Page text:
Wireless charging: inductive or conductive?
There are two primary types of wireless charging: inductive and conductive. Inductive chargers use an electromagnetic field to transfer wireless energy across a gap, and into the device's battery. The aftermarket backs for inductive charging include an induction coil, which is capable of receiving the wireless energy. Conductive charging, on the other hand, works with direct electrical contact between the power-source and the battery.
The WildCharge Pad from PureEnergy Solutions, released three years ago, is a conductive charging solution. It is covered with conductive panels that connect with similarly conductive materials on your devices' aftermarket backs. Duracell, Powermat USA, and RadioShack have since followed suit with their own conductive wireless charging pads. The downside to conductive charging is that you can't build the panels into other materials, like desks or airline tray-tables.
Inductive chargers, on the other hand, have gained greater support from device manufacturers. OEMs like Samsung, LG, RIM, and Motorola are part of the Wireless Power Consortium, which backs the inductive Qi (chee) standard. Because they use induction, they wouldn't be dependent on a conductive surface, allowing them to integrated under any number of other materials. One such example is Energizer's Inductive Charger. The Wireless Power Consortium hopes to make Qi compatibility a standard feature of future devices.
We should give credit to Palm, which introduced the Touchstone inductive charging dock for their Pre devices, and the upcoming HP TouchPad tablet. The greatest advantage of Palm's solution is that the inductive back doesn't change the appearance of your device. We think that increased adoption of wireless charging will depend on similarly seamless designs, in place of clunky aftermarket backs.
source: The Wall Street Journal
1. cadetz (unregistered)
all i can think of is more accessory and need new ones every time similar to the power mat thingy
2. dude (unregistered)
The time it takes to plug in my phone, is a second or two longer than setting my phone on a mat. Why spend a $100 on a gimicky charger when a $15.99 one will do? At $15.99 i could have on in every room of the house... Now if my phone would charge from any place in the house without a mat to set the phone on or cord to plug in, that would be another story, a very Tesla like story.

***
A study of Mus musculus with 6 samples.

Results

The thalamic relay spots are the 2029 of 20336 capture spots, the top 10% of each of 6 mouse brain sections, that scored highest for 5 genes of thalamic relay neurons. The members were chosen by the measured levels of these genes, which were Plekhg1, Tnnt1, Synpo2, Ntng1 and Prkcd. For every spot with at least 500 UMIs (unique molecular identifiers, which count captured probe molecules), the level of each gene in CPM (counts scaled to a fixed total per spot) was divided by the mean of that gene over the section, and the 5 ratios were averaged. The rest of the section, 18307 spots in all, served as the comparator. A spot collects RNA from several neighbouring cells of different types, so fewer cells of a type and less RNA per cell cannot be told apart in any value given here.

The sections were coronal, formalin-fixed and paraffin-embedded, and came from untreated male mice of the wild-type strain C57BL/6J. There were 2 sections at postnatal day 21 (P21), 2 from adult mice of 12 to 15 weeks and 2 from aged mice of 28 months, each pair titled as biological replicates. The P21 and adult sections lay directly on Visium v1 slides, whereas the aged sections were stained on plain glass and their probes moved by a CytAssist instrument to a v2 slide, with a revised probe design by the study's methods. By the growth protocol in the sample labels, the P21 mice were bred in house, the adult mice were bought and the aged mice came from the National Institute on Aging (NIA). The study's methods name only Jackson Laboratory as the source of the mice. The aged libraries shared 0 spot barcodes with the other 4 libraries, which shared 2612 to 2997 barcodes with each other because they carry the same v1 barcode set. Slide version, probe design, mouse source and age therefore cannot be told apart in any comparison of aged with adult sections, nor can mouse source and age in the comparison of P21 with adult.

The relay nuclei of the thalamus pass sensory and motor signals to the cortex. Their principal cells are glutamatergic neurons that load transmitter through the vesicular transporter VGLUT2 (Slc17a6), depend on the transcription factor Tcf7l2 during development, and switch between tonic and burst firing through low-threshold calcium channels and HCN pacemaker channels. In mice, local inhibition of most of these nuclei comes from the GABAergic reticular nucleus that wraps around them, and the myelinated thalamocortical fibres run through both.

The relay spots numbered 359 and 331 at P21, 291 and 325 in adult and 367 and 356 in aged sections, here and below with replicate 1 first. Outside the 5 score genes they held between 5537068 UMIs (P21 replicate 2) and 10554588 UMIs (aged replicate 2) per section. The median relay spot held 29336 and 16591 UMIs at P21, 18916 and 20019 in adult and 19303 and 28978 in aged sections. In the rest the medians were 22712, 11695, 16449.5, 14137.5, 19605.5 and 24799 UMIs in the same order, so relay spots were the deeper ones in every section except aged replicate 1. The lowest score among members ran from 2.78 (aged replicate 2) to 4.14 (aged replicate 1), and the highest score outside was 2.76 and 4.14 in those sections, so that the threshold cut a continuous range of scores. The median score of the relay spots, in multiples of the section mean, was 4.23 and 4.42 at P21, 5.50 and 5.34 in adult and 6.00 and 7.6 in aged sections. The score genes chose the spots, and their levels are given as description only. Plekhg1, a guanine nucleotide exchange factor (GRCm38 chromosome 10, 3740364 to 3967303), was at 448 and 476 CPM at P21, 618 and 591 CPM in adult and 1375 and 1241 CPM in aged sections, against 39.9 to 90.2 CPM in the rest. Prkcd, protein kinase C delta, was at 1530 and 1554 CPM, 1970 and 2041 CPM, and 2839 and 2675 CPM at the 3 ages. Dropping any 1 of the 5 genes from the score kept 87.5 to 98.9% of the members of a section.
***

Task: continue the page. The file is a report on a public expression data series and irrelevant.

5. homineyhominey (unregistered)
The advantage that I have seen from the touchstone or the powermat is the benefits from not plugging it in. How many people have damaged thier charging ports from trying to plug it in late at night, or while inebriated. If the charging port is damaged, the phone is beyond repair, making it very costly. Without plugging it in all the time, consumers save the pain of breaking the charging port.
3. PhoneLuver (Posts: 459; Member since: 05 Jul 2010)
I think it's important that these guys decide on a standard. The inductive Qi standard makes more sense to me as this should be compatible with multiple devices. Also, it's important that OEM's embrace this tech. I don't want to buy a different powermat for every new device I get, also I don't want to have chunky back covers on my phones that I can't re-use one a different or a new model!
Next thing they should consider is wireless synchronization, perhaps using NFC, or bluetooth something..
Another possibility is to include some streaming tech for video or audio.
4. Mike (unregistered)
If you are going to rewrite the WSJ article please get it right. PowerMat uses inductive charging NOT conductive. It does requires it to be in a specific location on the charging pad. Please stop writing on subjects you obviously know nothing about or at the very least read the entire article you pulled this information from.
6. siowpt (Posts: 1; Member since: 16 Feb 2011)
Reading so much so about the good think on the wireless charging.
HOW about it's impact to HUMAN body, especially electromagnetic field and frequency interference??????
Did any manufacturer come out with any kind of safety limit???
7. Steven Teo (unregistered)
Whats the point of "wireless" charging if it needs to be so close to the "mat"? And what about energy efficiency? Does it cost more energy to charge the phone compared to direct conductors? -- I would think so, and thus cost more to charge your phone in electrical standpoint.
The only advantage i can see is that if the tech is deployed to high-tech cafes where the tables are themselves charges for people on the move.